1. Anyone who wants to contact me can find me easily enough on homebrewtalk.com.

     

     

  2. You can say what you want, but take the hops out of the equation, and it is liquid malt extract. I see you are doing what you are (possibly) accusing me of - pIaying word games. I never said you boiled the Mr Beer cans. I even said on the first page that you don't boil them. But the stuff inside the MrB cans is LME, just pre-hopped. I am so done with you. This is ridiculous.
  3. You are telling me that it isn't liquid malt extract? *rolls eyes* Pre-hopped, sure. But it is still LME. I know you don't like me Rick, but this... I mean, wow...
  4. Murphy's Law - if something can happen, it will.
  5. I've never used LME other than MrB cans, and they aren't boiled. I do get a hot-break with Briess DME, but not like the one I got with a partial mash using 3 pounds of grain.
  6. This is what I got when I added 1-1/2# wheat DME & steeped 4 oz Carapils to the WDA can: I filled a 20-22oz glass with a 12 oz beer. Gorgeous!
  7. Ah, that hop-schedule makes sense, then, using two LBKs.
  8. OK, well, if the carboy has a removable spigot (!!!) then my point stands. Replace the word "LBK" with "carboy" and there you go.
  9. I like the addition of the wheat in the grain bill! You are using 1/2 oz of hops in the dry-hop. That leaves you with a half-ounce leftover, right? I'd either throw that in the flameout addition, or would go ahead and dry-hop with a whole ounce. Pardons if this is incorrect - maybe you have these hops around already and that's the amount you have. If so, all apologies. TTTT, I'd split the Simcoe & FF7Cs and use half ounce of each at 20 minutes, then a half ounce each at flameout, but that's just me. I am probably too late, anyway. Regardless, it sounds great, be sure to keep us updated!
  10. You can, but you won't get a good hot-break that way.
  11. As Josh R said, brew according to the yeast & beer style. With the Coopers/Mr Beer yeast, 68-76 is fine. With Nottingham (and many other yeasts) you would want the 68 to be the top end of the spectrum, with 62 being common for a lot of ale yeasts, and ones like Nottingham can easily drop down into the mid 50's and still be fine. "Brewers make wort - yeast makes beer."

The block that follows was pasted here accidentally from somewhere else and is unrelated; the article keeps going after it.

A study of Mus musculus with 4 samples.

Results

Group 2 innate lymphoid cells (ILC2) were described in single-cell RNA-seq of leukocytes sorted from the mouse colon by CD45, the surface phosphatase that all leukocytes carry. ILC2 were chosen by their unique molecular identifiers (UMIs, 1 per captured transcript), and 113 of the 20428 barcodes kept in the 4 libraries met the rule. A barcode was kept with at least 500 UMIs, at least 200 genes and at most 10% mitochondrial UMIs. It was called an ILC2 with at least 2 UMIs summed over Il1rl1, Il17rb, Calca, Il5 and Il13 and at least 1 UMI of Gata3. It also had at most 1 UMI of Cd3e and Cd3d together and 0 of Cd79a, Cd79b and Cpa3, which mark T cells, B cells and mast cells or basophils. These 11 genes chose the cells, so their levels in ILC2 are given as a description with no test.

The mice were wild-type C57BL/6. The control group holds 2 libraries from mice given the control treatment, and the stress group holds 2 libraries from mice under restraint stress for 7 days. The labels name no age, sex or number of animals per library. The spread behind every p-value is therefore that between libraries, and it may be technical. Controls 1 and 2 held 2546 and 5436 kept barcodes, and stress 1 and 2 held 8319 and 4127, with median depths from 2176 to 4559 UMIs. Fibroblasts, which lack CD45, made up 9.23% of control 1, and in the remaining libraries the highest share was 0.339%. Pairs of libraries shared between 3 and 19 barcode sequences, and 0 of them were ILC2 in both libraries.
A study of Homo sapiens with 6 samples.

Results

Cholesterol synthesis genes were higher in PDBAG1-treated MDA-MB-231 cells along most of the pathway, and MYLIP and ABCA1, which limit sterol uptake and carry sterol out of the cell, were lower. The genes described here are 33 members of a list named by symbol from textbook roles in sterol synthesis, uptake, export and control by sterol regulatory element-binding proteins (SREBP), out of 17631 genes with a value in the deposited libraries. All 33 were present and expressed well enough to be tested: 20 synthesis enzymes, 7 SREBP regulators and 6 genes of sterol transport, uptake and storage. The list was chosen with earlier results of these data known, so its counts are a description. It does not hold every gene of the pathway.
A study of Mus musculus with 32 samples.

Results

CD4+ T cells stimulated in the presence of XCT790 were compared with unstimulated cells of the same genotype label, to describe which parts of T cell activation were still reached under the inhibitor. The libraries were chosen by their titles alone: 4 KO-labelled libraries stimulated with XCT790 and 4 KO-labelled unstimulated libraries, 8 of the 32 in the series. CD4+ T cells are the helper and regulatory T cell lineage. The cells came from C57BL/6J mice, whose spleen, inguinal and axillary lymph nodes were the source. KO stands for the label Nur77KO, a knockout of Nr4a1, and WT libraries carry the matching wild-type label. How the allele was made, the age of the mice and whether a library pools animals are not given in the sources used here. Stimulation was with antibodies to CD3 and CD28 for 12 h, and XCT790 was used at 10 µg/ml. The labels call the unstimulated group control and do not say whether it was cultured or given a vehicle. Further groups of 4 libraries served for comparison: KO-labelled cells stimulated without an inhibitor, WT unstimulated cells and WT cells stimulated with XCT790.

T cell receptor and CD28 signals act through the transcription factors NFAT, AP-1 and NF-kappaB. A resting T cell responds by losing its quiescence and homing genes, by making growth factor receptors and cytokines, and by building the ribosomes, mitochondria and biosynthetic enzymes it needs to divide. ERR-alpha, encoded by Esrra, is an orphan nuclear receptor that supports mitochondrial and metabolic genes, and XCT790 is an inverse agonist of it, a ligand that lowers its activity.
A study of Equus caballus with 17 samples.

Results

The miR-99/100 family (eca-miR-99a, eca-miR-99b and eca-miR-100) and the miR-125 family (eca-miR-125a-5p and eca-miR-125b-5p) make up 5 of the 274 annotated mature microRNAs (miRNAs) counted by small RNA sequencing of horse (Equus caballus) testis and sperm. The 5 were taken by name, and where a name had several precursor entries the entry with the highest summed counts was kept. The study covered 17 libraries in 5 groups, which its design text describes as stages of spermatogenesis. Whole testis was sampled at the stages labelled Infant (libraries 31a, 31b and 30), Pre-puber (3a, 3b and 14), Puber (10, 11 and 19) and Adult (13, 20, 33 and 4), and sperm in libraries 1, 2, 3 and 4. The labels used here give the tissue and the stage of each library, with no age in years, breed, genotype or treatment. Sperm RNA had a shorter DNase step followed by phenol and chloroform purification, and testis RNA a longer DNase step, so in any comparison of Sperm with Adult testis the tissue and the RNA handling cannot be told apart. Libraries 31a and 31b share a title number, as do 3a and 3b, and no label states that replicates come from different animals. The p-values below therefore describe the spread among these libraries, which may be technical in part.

12. When you get a bit further, if you go there at all, you can steep 4 oz of Carapils to help with head & head retention.
  13. I want to like your post, but I am at my 25-like limit on the day already.
  14. I just left some reviews & they all say they are waiting to be reviewed by a moderator. Maybe they show up as "anonymous" until then?
  15. Those two statements are contradictory. Thorough cleaning would include taking the spigot off & cleaning it, as well as where the spigot contacts the LBK, which no matter how thorough you think you are, is not getting cleaned as well as it could (please notice the 'o' on that word). I guess all I can say is, I hope your luck holds out.
  16. I am not saying you will get one, but you are asking for an infection by not taking the spigot off the LBK.
  17. Looking at your rather serious response, I disagree. *shrug*
  18. And you took me far too seriously. *shrug*
  19. I personally wait until the foam is gone. There might be a raft or two still floating around, but I'd say 85-90% of the krausen is gone when I start relaxing over the beer's temperature. After that, room temp is actually fine, although I tend to keep temps in the 60's as a matter of habit. Only if I am dry-hopping the beer do I let it get to room temps, but again - that's just me.